GPs are beginning to see an increase in consultations for flu-like illness, according to the latest report from Public Health England.
The newly published document reported 40 new acute respiratory outbreaks last week, as well as an increase in flu hospitalisations and intensive care admission rates.
The report – released today – said that:
- The weekly influenza-like illness GP consultation rate was 8.4 per 100,000 registered population last week, similar to 9.4 per 100,000 in the previous week – taking into account the Christmas holidays. This is compared to 6.2 per 100,000 at the end of November;
- The flu hospitalisation rate increased from 1.06 per 100,000 in the week ending 23 December to 1.96 per 100,000 last week;
- The intensive care admission rate increased from 0.19 per 100,000 to 0.29 per 100,000 over the same period.
Meanwhile, flu vaccine uptake among at-risk adults remained below last year’s result, with 44.7% in at-risk under 65s, 43.6% in pregnant women and 69.7% in over 65s, compared to 45.6%, 44.6% and 70.6% respectively.
This follows successive issues with flu stock orders and deliveries, which saw NHS England’s December vaccination target missed.
However, uptake among two and three year olds has succeeded last year, with 41.5% coverage in two year olds and 43.0% in three year olds, compared to 39.4% and 40.3% respectively last year.
PHE head of flu Richard Pebody said: ‘We have seen a rise in several of the flu indicators we track in the last week which suggests flu is now circulating in the community in England.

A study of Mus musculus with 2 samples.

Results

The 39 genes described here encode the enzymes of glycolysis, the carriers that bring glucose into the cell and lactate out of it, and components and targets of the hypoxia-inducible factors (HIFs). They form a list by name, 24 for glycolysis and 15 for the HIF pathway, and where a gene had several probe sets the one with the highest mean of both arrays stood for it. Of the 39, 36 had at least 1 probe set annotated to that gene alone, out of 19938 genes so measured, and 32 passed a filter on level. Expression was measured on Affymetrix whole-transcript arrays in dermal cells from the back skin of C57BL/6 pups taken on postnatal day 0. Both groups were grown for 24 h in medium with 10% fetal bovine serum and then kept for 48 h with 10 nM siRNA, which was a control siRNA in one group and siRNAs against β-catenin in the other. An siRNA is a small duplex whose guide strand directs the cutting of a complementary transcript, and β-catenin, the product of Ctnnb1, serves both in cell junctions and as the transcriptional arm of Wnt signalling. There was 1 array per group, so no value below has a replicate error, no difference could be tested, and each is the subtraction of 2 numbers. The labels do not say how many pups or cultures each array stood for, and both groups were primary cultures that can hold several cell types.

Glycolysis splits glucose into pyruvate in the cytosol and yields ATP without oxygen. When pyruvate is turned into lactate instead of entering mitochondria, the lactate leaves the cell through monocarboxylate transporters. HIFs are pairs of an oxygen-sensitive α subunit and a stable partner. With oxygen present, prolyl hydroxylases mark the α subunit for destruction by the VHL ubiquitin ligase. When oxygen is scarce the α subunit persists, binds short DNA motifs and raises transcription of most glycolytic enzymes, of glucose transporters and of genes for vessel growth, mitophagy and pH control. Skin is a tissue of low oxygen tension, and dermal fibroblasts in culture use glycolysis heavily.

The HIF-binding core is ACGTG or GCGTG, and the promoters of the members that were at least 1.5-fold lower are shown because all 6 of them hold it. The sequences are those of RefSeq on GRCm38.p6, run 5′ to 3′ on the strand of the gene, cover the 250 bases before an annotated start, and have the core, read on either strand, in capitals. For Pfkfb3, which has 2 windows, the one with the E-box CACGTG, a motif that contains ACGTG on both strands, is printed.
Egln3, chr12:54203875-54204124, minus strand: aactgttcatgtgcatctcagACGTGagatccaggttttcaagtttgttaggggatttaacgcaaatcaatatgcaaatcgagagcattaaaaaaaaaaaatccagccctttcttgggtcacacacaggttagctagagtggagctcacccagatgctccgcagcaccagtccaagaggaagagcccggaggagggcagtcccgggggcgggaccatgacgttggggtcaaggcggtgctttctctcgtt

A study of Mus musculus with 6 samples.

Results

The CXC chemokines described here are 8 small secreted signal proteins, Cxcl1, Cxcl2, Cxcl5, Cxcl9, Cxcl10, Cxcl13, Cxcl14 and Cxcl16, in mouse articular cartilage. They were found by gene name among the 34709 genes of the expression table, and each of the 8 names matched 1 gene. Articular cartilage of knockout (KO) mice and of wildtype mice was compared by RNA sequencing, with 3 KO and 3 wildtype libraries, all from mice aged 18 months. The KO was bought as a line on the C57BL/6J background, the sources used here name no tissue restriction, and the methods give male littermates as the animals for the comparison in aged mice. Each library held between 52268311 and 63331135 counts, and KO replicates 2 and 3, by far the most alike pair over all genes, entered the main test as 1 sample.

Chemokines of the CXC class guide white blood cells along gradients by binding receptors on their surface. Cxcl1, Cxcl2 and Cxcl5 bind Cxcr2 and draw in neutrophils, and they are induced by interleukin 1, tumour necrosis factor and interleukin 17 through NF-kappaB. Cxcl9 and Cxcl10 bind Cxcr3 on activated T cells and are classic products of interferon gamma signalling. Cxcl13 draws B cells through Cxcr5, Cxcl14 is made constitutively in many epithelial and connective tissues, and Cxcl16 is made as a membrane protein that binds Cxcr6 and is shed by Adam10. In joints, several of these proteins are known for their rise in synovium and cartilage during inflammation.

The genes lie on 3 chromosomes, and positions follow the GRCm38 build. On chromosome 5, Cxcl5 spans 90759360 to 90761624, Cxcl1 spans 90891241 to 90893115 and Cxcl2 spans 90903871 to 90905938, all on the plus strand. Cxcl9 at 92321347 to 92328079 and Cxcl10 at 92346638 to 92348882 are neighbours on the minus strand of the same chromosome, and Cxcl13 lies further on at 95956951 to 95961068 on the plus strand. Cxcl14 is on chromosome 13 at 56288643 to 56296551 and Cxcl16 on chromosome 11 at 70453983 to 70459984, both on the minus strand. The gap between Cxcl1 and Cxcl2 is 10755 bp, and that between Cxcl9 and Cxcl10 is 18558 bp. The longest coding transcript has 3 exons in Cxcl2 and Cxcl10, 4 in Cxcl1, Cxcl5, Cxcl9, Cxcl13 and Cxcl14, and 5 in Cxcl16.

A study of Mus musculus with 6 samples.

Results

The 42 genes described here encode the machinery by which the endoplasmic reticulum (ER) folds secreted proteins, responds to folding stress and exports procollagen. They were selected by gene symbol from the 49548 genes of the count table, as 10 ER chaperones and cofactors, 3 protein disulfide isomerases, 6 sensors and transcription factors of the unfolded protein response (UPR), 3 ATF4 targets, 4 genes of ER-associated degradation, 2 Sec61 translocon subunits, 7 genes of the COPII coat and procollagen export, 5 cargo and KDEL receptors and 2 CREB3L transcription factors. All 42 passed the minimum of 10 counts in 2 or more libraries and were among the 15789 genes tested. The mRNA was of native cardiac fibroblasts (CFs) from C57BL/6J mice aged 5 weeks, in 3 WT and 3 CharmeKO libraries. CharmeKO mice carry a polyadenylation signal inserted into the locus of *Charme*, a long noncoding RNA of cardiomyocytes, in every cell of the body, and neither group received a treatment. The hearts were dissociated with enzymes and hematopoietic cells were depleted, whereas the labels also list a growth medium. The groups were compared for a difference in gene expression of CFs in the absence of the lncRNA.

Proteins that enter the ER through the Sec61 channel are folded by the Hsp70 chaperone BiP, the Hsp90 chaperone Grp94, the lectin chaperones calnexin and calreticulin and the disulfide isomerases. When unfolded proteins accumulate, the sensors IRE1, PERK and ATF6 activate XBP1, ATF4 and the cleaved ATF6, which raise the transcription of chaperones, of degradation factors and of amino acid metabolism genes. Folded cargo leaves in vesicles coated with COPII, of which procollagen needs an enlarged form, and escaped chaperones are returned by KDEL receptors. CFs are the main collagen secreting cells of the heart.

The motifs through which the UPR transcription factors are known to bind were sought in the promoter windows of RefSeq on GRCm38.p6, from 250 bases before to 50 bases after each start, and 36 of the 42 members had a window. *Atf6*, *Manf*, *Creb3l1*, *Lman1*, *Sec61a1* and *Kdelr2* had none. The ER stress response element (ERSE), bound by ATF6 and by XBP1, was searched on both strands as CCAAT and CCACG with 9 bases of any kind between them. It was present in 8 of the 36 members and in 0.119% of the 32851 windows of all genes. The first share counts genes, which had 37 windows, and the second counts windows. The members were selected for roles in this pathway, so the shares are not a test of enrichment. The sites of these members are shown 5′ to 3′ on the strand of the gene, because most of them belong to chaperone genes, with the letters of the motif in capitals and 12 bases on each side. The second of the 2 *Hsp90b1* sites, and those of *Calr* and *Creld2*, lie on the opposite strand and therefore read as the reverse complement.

‘This year, we’ve offered a more effective adjuvanted vaccine to those aged 65 years and over; a quadrivalent vaccine, which helps protect against four strains of flu, to those aged 18 to 64 with underlying health conditions, and further roll-out of the nasal spray vaccine to an extra school year, as part of the children’s flu vaccine programme.
‘Uptake of the flu vaccine in pre-school age children is at its highest ever level, and rates of vaccination among eligible adults are similar to recent seasons. We are currently seeing mainly A(H1N1)pdm09 circulating which is well matched to the strains in this year’s flu vaccines.’
NHS England also released the latest winter pressures figures today, which show that bed occupancy rate has declined compared to a fortnight ago and ambulance delays of over 30 minutes have decreased compared to this point last year.
However, this comes after previous figures found the NHS had the worst November on record last year, with the lowest proportion of A&E patients seen within the four-hour waiting target and substantial increases in patients on treatment waiting lists.
An NHS England spokesperson said: ‘Thanks to the hard work and preparation of NHS staff, the health service is performing better this winter than last, with people being seen more quickly in emergency departments, fewer ambulance delays, evening and weekend GP appointments across the country and more people able to leave hospital and get home sooner, all of which is good for patients and makes best use of NHS resources.’